France's official Ethics Advisory Committee 'CCNE) has rejected the legalization of assisted suicide after a majority vote, it was revealed Monday.
The committee which had been asked to investigate the issue of euthanasia and come up with recommendations voted against Swiss style assisted suicide, where lethal medication is deliberately given to a patient. The vote was made public on Monday.
However, the CCNE is in favour ‘passive euthanasia,’ whereby treatment, hydration and nutrients are withdrawn at the request of an individual facing the end of their life.
'Deep sedation' is one 'end of life' care option the CCNE are in favour of which would see the patient put to sleep until the end of their life, if they have requested it and if they have asked for all treatments to be stopped.
"With sedation, it is intended to relieve the patient, but in no event bring about their death," Vincent Morel, President of the French Society for support and palliative care and a doctor at the University Hospital of Rennes told Europe1 radio.
Later on Monday French president François Hollande announced that “at the conclusion of debate,” his government would introduce legislation on end-of-life care, “definitely by the end of the year.”
Under the auspices of a project entitled “End of life, autonomy of the person, will to die,” Hollande had asked the council to examine the exact circumstances under which assisted suicide could be authorised.
"The existing legislation does not meet the legitimate concerns expressed by people who are gravely and incurably ill," Hollande had said at the outset of the consultation.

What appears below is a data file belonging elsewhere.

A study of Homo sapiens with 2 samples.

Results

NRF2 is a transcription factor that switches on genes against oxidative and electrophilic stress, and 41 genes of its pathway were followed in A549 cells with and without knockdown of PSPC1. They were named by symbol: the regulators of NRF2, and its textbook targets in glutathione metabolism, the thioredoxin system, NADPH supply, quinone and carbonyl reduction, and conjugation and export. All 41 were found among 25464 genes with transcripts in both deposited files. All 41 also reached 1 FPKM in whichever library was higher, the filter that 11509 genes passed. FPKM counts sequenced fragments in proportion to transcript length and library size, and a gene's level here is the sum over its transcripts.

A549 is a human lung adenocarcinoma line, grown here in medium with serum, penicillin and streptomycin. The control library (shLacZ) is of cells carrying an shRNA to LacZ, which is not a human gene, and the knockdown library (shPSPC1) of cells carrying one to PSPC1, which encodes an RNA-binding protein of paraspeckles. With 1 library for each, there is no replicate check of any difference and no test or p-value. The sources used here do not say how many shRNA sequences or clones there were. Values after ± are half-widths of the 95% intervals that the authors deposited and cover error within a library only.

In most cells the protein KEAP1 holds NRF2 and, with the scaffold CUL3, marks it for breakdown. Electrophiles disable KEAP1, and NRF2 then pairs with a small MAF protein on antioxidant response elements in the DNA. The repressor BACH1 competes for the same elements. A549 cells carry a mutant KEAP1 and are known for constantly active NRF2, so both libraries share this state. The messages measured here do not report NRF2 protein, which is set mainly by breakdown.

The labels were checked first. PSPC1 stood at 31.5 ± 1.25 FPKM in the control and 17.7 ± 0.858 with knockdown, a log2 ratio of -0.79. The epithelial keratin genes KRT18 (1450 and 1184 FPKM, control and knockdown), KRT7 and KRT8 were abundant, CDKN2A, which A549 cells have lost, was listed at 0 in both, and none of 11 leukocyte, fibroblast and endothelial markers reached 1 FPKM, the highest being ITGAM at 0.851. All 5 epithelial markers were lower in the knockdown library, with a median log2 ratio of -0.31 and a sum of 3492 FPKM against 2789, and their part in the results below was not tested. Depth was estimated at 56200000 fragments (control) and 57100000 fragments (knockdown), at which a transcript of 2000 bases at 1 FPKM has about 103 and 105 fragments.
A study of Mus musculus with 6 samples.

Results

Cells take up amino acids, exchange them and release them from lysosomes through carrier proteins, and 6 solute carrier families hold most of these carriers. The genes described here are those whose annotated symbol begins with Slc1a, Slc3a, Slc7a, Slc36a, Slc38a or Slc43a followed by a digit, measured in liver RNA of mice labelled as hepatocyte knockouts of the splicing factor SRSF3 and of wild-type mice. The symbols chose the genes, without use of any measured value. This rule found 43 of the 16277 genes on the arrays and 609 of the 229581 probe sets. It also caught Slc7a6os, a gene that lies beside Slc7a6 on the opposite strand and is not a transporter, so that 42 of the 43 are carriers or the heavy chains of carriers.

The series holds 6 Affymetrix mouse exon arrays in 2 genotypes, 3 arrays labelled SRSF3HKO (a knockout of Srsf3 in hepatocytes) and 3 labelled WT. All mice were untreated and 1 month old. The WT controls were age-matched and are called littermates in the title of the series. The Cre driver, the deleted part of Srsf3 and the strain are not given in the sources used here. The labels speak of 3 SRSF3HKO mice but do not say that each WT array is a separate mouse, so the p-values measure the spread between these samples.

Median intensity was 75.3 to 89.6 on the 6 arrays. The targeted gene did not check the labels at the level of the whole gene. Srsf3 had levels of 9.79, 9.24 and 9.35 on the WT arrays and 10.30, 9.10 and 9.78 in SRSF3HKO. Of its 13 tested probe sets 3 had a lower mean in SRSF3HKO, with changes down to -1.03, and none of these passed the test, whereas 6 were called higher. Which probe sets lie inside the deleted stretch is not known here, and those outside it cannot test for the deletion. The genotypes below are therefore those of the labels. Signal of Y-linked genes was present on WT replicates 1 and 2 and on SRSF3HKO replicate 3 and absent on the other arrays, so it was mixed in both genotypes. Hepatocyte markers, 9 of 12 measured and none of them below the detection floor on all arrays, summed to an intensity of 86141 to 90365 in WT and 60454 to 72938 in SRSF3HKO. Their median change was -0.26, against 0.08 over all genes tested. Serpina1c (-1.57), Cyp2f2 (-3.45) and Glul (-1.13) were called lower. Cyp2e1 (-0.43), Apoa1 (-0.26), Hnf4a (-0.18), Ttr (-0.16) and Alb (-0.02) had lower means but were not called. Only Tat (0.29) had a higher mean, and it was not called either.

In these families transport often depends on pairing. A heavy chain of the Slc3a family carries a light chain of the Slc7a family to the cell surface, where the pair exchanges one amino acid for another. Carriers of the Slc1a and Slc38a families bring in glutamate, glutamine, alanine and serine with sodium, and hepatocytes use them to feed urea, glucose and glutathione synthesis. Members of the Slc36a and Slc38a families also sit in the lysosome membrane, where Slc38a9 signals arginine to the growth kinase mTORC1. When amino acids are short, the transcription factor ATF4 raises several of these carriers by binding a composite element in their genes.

In February, the ethics council said that out of a “duty of humanity”, and where there were “persistent, lucid and repeated requests from someone suffering from an ailment for which the treatment has become ineffective,” it should be legal to withdraw that treatment and allow that individual to die.
But it said at the time that the condition should be verified "not by a sole doctor but a medical team" and did not use the term euthanasia but spoke of "assisted death".
The committee has also been emphatic in ruling out Swiss-style euthanasia clinics such as Dignitas, where individuals not necessarily suffering from terminal or incurable illnesses, volunteer to be given lethal injections so as to end their lives.
A 2005 law in France already authorizes doctors to administer painkilling drugs at levels they know will, as a secondary effect, shorten a patient's life.
According to France's national demographics council, there were about 3,000 euthanasia cases in the country annually on average, all of them illegal.